Sources said that the Bengal forest has banned the pony movement on grounds that the ponies have 'a high probability of spreading diseases to wildlife' inside the national park

Vivek Chhetri Darjeeling Published 27.02.24, 09:28 AM
Ponies carrying goods at the Singalila national park.

Ponies carrying goods at the Singalila national park. File picture

The forest department has banned the movement of ponies inside the Singalila National Park, famous for the trekking route to Sandakphu, the highest point in Bengal.

The move has triggered protests from the local villagers for whom the pony rides have been a source of income for at least a couple of generations.


Sources said that the Bengal forest has banned the pony movement on grounds that the ponies have “a high probability of spreading diseases to wildlife” inside the national park.

"The department has decided to ban the movement of ponies in Singalila fearing high probability of the animals spreading diseases,” said an official source, who could not immediately provide specific details of the diseases. “The decision was taken at the higher level,” the source added.

Residents disagreed. "The ponies have been with us for generations and we have not heard of them ever spreading any kind of disease,” said one of them.

The Singalila National Park which is under the administrative control of Darjeeling Wildlife Division is spread over 78 square kilometers and is home to animals like red panda and Himalayan black bear as well as around 350 species of birds.

The Singalila area in Darjeeling was purchased by the British government from Sikkim Durba in 1882 and notified as a reserve forest.

It was designated a national park in 1992 and was officially opened for tourism.

"The ban on the movement of ponies will not just kill tourism in the region but will also create a huge problem in commuting from one place to another as many villages are not connected by motorable roads,” said Amit Rai, the president of the Srikhola-Daragoan GP Nature Guide Association.

“If the government wants to ban ponies, they should first create motorable roads to connect villages,” Rai added.

Sandakphu, the highest point in Bengal at an altitude of around 11,900 feet, is a popular tourist destination that offers a panoramic view of not just the snow-clad Mount Kanchenjunga but also the Everest.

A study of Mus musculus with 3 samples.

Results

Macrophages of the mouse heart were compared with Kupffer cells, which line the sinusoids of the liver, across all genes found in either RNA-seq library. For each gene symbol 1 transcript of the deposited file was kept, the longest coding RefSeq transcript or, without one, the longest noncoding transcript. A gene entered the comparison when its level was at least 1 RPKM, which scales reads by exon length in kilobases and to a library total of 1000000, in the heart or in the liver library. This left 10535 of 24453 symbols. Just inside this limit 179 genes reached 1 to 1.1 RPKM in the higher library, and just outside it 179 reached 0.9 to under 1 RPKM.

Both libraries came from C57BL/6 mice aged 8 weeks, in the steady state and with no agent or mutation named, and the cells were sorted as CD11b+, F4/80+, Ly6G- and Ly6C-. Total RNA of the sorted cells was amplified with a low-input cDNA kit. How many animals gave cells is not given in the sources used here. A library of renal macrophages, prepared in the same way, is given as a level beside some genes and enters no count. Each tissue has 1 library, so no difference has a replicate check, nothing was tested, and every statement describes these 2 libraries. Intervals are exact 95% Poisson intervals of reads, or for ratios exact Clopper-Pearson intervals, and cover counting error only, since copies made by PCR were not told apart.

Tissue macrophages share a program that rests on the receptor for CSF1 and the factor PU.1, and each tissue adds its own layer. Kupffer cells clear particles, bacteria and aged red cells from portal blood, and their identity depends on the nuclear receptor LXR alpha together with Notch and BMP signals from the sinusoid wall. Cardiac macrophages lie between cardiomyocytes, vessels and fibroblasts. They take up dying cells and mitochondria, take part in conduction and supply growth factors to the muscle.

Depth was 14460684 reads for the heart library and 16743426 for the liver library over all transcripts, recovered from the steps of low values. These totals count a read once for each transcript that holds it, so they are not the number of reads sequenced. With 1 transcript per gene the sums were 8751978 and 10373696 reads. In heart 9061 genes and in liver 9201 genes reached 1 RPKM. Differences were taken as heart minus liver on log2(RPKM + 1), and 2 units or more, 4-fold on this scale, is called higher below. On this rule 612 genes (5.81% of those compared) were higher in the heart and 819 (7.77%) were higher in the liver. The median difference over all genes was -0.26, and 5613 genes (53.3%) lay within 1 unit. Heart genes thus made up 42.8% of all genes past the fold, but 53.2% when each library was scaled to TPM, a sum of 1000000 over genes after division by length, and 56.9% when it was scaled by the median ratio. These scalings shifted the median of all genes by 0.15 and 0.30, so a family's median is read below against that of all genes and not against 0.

“Ponies can carry around 100 kilograms of headload. If the animal’s movement is banned, we need to hire porters. At a high altitude, people cannot carry more than 20 kilograms,” said Rai.

He and other tourism stakeholders also maintained that trekkers on this route did feel the pinch of expenses and banning ponies would greatly increase their logistics costs.

The Maneybhanjyang-Sandakphu trek typically takes around six days.

"The cost for a trekker will more than double if we have to use porters instead of ponies to carry loads,” added Rai.

"At this moment, an individual has to pay on an average around Rs 10,000 for the trek," he added.

There are around 20 settlements in the area.

“Around eight villages do not have motorable roads. Hence, ponies are the only means of transport to ferry ration to us,” said a villager.

Many tour operators pointed out that in case of snowfall and other emergencies, ponies are also used to ferry tourists and locals.

"We use ponies even to carry the sick and elderly people as vehicles are not easily available at all times,” said Rai.

There are around 50 ponies in the region, sources said.

"In fact, the district administration also uses ponies to ferry polling materials during elections in some of these areas," a local source added.

The region has around 40 homestays. "If because of the pony ban, trekkers stop visiting the region it would lead to a major revenue loss,” said a resident.

Ponies are sold for anything between Rs 60,000 to Rs 1 lakh.

“Of the 50 ponies, some have been bought recently. Who will compensate for this loss?” asked Rai.